By a nice coincidence, my first ever collaboration with an illustrator began just after I’d written the previous blog – about visuals in text. My kids’ stories featuring Stanley, the fairy who lives in the washbasin in my bedroom, had been accepted by a publisher and I obviously needed someone to create some appropriate images for him. Fiona-Jane Brown, a FaceBook friend, suggested I contact Melanie Chadwick. I did and, as a consequence, met Stanley for the first time.
By that I mean that, although I’ve written seven stories about him and am aware of his character, his habits and his presence, I’d never really thought about what he looked like. I knew he was the size of a mouse and that he preferred being miserable, but that was it. In the first story, which I wrote in response to the publisher’s request for information about how he’d come to be living in my bedroom in the first place, I gave him a scarf, woollen socks, a tee-shirt and some shorts, but I never envisaged him wearing them.
Melanie agreed to do some sketches for me and I have to say I’m delighted with her ideas, her style, and the Stanley she’s created. But …
The first sketch she sent me was a black and white version of the one above. I’d told her that Stanley was miserable and that’s what she’d given me. But it was only when I looked at it that I realised that, more than miserable, Stanley is angry, aggressive, rude, impatient. I’ve known him for two or three years at least but it was only the visual representation of him that brought that realisation. So a more typical Stanley pose is this …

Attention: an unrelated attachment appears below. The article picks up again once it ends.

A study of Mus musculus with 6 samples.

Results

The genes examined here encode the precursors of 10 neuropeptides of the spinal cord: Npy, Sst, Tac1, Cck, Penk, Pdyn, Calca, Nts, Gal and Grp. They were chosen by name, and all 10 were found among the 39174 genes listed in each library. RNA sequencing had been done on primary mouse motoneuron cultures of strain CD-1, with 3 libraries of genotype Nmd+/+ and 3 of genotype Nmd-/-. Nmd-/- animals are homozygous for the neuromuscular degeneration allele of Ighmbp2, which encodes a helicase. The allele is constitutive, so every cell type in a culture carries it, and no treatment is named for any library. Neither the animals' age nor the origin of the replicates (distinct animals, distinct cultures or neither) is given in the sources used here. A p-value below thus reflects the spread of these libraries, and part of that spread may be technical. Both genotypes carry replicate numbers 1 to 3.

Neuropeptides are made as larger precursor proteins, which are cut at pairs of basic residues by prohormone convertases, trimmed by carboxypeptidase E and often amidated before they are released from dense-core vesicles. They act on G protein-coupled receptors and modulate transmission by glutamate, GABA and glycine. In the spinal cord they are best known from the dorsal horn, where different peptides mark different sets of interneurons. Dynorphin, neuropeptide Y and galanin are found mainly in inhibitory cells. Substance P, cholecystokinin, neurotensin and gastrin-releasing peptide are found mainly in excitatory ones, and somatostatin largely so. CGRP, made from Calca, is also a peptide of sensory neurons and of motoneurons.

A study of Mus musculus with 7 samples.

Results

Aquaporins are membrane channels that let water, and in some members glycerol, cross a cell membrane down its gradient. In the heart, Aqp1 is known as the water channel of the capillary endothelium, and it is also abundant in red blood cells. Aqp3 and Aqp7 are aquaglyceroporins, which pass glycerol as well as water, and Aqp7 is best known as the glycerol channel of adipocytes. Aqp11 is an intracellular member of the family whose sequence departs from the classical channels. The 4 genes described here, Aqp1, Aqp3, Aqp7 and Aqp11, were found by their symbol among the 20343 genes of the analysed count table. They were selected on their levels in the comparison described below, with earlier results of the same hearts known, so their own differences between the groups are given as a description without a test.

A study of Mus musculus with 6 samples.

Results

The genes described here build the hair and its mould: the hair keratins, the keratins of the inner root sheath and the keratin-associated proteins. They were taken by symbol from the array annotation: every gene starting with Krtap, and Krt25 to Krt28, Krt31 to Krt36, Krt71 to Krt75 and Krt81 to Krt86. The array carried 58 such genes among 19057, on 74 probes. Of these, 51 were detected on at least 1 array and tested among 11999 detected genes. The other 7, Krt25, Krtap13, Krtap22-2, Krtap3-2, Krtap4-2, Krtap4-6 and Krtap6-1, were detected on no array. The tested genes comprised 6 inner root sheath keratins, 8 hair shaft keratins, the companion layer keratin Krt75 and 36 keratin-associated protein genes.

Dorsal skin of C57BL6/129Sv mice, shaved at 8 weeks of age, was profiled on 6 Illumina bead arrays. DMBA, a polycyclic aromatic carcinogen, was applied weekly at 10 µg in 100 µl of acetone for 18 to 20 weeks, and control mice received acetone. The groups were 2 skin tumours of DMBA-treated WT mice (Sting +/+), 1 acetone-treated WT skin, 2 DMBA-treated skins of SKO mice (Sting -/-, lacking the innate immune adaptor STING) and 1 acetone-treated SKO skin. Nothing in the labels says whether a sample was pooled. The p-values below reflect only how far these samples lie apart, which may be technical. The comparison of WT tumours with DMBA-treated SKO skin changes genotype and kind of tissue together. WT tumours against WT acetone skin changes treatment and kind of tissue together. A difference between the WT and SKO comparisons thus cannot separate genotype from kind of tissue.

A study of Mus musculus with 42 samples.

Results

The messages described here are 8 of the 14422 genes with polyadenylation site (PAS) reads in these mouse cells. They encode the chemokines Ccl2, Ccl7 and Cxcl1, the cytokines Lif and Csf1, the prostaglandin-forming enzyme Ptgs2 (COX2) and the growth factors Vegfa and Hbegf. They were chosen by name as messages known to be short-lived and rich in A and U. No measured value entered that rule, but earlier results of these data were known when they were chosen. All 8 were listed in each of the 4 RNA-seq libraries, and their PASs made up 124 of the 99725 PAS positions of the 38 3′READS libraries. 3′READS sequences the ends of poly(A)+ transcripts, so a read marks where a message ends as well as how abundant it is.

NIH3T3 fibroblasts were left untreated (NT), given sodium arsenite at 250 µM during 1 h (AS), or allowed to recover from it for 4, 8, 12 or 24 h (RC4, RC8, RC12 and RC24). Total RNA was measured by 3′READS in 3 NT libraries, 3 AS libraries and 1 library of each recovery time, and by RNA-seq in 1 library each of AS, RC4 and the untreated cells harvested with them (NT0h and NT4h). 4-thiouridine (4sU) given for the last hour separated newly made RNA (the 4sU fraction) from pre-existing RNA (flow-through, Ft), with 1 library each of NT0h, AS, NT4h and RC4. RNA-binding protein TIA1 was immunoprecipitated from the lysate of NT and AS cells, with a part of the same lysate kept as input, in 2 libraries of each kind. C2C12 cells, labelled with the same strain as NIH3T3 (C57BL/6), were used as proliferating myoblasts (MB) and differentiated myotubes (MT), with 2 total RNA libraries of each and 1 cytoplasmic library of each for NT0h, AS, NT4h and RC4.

The point is that all my theorising and/or speculating about visuals in text was exactly that – abstract – and it was only when I literally had to look at a picture of Stanley that I first began to wonder what he looked like. Well, thanks to Melanie, now I know. She’s produced lots of versions of him in various moods and has designed three of the seven covers, bringing her own sense of Stanley (and sense of humour) to them and really transforming the stories into something other than the things I’d written. Her sketches have also given me ideas for more stories because I’ll now be ‘interfacing’ with the character in a different, more questioning way.
This business of visuals in text is even more complex than I thought it was.
By the way, it’s important for me to say that the copyright for these images belongs to Melanie Chadwick and they can only be reproduced with her permission.